With the New Year well underway, one resolution a litigator may have is to increase her active case load. But as we warn our children to “be careful what you wish for…”, a wise attorney knows that the maxim has a place in private practice, not just grammar school. What if your wish came true and tomorrow your best client calls to tell you that he has been served with a new complaint, and that there are more coming, 6 more, to be exact? Not only has the client been sued in seven related matters, but the matters are pending in four different counties: Suffolk; Kings; Erie; and Albany.
A week later, when your pulse returns to normal and you have been provided with a copy of the seven complaints, the anxiety begins to creep up again when you realize that despite the fact that you are thrilled to have the work, as a practical matter, defending seven related matters, in different counties, is a logistical nightmare. You do not want your client to be deposed on 7 occasions, nor do you want to respond to 7 Preliminary Conference Orders. If we assume that the plaintiffs will not consent to consolidation, and that the same may not be feasible pursuant to CPLR 602, how do you begin to get a handle on the matters before the 7 matters get a handle on you? Be careful what you wish for ….
The Unified Court System’s Litigation Coordinating Panel (“LCP”) may be the resource you need to regain control. Pursuant to 202.69 of the Uniform Civil Rules of the Supreme Court, this section applies when related actions are pending in more than one judicial district and it may be appropriate for the actions to be coordinated. The LCP is composed of one Justice from each Department in the State, and maintains its office at 60 Centre Street, room 148, in Manhattan.
The standard for coordination is a broad one, and the Panel will consider:
the complexity of the actions; whether common questions of fact or law exist, and the importance of such questions to the determination of the issues; the risk that coordination may unreasonably delay the progress, increase the expense, or complicate the processing of any action or otherwise prejudice a party; the risk of duplicative or inconsistent rulings, orders or judgments; the convenience of the parties, witnesses and counsel; whether coordinated discovery would be advantageous; efficient utilization of judicial resources and the facilities and personnel of the court; the manageability of a coordinated litigation; whether issues of insurance, limits on assets and potential bankruptcy can be best addressed in coordinated proceedings; and the pendency of related matters in the federal courts and in the courts of other states. The Panel may exclude particular actions from an otherwise applicable order of coordination when necessary to protect the rights of parties.
Procedures Before the LCP
In order to trigger the LCP, an application may be made to the Panel for the issuance of an order of coordination. The Justice before whom a related action is pending or an Administrative Justice in whose district such an action is pending may raise the issue of coordination with the LCP; the LCP itself may raise the issue sua sponte by order requiring all parties to show cause why coordination should not be directed. In addition to Judicial-initiation of LCP review, a party may trigger LCP review by applying for coordination by notice of motion or, if exigent circumstances exist, by Order to Show Cause returnable before the LCP. Upon receipt of such an application, the LCP will issue a briefing schedule.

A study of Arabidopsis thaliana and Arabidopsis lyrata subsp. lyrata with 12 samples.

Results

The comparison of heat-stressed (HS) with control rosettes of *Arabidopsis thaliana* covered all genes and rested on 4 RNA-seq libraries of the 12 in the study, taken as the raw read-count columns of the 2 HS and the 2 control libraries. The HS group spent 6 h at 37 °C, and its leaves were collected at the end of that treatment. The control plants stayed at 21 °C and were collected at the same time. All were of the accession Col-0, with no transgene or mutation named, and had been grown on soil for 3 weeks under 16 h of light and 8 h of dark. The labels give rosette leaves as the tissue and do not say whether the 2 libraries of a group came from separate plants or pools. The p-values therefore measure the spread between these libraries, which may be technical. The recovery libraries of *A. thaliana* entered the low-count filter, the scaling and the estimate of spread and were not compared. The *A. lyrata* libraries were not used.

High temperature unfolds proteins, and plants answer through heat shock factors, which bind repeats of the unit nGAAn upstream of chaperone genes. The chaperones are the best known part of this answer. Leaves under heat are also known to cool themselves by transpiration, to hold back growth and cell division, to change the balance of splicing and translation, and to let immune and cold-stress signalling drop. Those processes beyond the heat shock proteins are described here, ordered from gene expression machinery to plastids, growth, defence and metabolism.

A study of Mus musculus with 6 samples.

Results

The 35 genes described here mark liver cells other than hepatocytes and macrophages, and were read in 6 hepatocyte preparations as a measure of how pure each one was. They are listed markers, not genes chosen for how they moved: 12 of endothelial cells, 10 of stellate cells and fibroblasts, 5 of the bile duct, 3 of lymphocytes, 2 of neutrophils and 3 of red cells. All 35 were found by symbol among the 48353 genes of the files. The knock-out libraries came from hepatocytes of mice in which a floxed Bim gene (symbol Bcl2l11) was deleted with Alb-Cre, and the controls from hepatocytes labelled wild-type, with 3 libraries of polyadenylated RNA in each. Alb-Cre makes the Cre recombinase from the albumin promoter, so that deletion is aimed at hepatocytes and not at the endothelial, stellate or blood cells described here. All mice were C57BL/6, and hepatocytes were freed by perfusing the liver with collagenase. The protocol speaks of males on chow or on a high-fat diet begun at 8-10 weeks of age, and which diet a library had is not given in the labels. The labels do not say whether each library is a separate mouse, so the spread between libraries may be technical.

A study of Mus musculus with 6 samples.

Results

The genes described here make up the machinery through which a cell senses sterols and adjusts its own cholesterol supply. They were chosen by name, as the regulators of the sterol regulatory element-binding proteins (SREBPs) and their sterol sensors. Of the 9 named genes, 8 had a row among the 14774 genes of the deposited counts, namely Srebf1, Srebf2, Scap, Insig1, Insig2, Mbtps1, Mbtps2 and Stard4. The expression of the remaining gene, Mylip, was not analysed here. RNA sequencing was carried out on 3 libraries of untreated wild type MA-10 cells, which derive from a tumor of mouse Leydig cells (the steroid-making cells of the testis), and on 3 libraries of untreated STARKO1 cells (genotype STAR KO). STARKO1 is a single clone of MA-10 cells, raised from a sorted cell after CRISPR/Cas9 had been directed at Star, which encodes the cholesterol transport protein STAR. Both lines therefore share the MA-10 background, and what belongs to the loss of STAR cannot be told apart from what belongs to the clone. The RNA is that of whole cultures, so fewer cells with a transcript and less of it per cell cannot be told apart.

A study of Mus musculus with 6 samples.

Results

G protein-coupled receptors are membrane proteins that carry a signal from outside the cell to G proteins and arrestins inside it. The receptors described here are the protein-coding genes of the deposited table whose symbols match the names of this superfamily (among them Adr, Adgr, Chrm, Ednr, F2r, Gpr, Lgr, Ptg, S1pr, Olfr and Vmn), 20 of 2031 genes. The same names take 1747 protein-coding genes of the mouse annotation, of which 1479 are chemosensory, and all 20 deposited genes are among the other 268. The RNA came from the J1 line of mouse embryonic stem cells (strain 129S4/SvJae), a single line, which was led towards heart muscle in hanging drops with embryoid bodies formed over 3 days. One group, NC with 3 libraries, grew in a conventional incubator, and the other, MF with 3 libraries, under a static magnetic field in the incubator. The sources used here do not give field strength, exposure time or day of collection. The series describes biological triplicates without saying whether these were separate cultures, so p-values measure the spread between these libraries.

While the application before the LCP is pending, the LCP (or a single Justice thereof on the LCP’s behalf) may issue a stay of all proceedings in any or all of the actions for which coordination is sought. Absent such a stay by the LCP, proceedings before the Panel does not affect the proceedings in the actions which are subject to the application.
Within 30 days from submission of reply or from oral argument, the LCP will issue a written decision granting or denying the application. In the event that the application is granted, an order of coordination is likewise issued, which identifies all matters which shall be coordinated, the number of coordinating justices and the county or counties wherein coordination proceedings shall take place. Thereafter, the LCP will provide a mechanism for the transfer of all to-be-coordinated matters. Since this is simply an administrative procedural issue, no appeal lies from the LCP ruling on the application.
Pursuant to subdivision F of the Procedures section, there are provisions governing subsequently filed actions as well as pending actions which were not included in the LCP’s Order. Finally, the Coordinating Justice, sua sponte, or upon motion of any party, may terminate coordination, in whole or in part, upon a determination that coordination has been completed or that the purposes of the coordination section can best be achieved by termination of the coordination. Interestingly, upon termination, the actions are remanded to their respective counties of origin for trial unless the parties to an action consent to trial of that action before the Coordinating Justice.